It was first rumored over the weekend, and now that MTA has confirmed it: your weeknight travel this winter will be a miserable thing. Huge parts of the subway will be shut down for five weeknights in a row to allow for nonstop track work, starting at the so-called "late-night" hour of 10 p.m. and continuing through 5 a.m.

Starting in January, four lines will feel the burn: Eighth Ave (A,C,E), Seventh Ave (1,2,3), Sixth Ave (B,D,F,M) and Lexington Ave (4,5,6). From the MTA:

  • The initial pilot is planned for the week of January 9th, and involves the Lexington Ave line, which will be suspended between Grand Central/42nd Street and Atlantic Ave.
  • The Seventh Avenue 1, 2, and 3 trains will not run between 34th street and Atlantic Avenue, in Brooklyn, from February 13 through February 17.
  • The Sixth Avenue B, D, F and M trains will not run from 69th street to West 4th street between February 20 through February 24.
  • The Eighth Avenue A, C and E trains will not run from 59th Street to Jay street, in Brooklyn, from March 12 to March 16.

“We are one of the few transit systems that operate around the clock, so it’s always a challenge to find time to do work on the tracks, especially with ridership up on weekends and overnight,” said MTA New York City Transit President Tom Prendergast in a statement. “Closing segments of lines so that we can get in and get the work done quickly benefits everyone—it's safer for workers, less disruptive for riders and gets projects done more quickly for everyone.”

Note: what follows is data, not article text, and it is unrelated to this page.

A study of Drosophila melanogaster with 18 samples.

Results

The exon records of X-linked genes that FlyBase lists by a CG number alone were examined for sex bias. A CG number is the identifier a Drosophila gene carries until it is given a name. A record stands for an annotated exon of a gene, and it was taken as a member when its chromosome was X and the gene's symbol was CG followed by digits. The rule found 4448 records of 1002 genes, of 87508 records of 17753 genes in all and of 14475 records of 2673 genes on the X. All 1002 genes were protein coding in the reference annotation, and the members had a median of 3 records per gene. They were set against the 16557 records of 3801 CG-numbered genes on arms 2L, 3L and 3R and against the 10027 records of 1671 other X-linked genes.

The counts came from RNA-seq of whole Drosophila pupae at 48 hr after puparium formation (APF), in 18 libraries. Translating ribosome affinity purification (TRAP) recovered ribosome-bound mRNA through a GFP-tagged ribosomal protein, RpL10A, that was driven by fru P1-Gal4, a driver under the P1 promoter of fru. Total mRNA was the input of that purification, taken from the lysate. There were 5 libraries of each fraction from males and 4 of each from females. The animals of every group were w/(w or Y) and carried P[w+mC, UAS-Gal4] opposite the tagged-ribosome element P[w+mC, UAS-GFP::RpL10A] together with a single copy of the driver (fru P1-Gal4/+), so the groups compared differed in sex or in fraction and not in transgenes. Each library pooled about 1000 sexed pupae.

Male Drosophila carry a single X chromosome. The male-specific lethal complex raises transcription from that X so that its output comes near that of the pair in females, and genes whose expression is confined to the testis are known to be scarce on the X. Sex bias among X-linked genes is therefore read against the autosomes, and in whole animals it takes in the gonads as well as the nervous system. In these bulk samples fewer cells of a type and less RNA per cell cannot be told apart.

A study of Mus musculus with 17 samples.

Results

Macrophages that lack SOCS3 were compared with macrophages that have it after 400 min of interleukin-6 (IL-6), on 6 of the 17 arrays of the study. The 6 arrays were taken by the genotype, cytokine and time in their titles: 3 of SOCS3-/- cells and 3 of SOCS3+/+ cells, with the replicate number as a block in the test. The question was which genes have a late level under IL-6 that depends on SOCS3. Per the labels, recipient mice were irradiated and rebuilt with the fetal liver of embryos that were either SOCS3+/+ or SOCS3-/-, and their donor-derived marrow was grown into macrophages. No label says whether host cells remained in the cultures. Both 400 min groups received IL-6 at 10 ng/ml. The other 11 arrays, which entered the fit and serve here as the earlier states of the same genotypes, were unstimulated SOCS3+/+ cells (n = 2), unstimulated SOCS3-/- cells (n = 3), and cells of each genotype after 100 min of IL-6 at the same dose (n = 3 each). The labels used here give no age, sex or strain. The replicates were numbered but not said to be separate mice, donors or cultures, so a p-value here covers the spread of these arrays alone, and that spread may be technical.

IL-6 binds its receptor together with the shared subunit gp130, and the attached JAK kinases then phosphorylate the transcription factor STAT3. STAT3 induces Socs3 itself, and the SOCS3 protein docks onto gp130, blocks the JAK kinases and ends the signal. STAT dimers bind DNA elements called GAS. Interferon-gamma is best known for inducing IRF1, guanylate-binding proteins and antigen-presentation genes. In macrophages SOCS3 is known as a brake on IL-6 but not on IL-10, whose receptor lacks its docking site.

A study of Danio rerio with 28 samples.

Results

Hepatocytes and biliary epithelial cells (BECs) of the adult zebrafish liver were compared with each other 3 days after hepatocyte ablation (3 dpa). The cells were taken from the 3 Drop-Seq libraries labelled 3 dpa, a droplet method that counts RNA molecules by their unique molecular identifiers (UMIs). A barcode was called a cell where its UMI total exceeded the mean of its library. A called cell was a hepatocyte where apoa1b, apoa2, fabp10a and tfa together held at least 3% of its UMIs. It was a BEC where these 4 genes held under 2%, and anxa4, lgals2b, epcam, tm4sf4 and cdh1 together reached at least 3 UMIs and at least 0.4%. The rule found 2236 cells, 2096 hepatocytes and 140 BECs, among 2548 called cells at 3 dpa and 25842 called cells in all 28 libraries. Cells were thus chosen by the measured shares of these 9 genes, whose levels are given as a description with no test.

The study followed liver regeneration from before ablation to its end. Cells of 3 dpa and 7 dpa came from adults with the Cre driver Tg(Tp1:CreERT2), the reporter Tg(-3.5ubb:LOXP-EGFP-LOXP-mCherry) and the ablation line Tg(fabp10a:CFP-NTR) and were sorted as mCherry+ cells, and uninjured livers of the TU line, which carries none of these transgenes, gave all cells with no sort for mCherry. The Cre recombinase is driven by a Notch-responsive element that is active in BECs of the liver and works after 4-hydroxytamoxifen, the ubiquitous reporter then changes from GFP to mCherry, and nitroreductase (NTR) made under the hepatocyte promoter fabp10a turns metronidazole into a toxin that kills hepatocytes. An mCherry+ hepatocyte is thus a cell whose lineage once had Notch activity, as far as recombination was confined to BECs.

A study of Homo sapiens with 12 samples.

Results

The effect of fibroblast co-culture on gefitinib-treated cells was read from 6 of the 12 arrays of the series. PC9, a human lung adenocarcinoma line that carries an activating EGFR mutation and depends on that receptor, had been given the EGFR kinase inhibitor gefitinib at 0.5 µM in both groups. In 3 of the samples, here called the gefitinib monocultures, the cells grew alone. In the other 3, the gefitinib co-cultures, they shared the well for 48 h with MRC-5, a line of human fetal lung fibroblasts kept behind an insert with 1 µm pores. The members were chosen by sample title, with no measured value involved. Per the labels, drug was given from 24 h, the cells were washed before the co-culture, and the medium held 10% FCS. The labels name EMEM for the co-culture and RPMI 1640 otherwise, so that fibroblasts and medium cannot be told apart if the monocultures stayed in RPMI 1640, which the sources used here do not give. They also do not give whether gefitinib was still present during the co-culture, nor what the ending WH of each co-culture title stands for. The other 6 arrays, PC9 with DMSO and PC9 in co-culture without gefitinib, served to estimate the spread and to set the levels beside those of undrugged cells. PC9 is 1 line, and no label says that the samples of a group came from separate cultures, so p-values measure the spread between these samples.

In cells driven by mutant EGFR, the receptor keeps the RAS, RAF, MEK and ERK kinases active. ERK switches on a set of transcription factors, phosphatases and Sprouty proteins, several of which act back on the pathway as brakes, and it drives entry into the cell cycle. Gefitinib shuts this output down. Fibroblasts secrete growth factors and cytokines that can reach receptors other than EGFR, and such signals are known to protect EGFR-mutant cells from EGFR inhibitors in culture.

But not everyone is buying it: “It would take tough commutes and make them even tougher,” Gene Russianoff of the Straphangers Campaign told CBS. “You’re talking about people commuting in the dead of night…and asking them to walk a block, it may not sound like much, but at that hour of the morning many riders are going to be extremely inconvenienced.”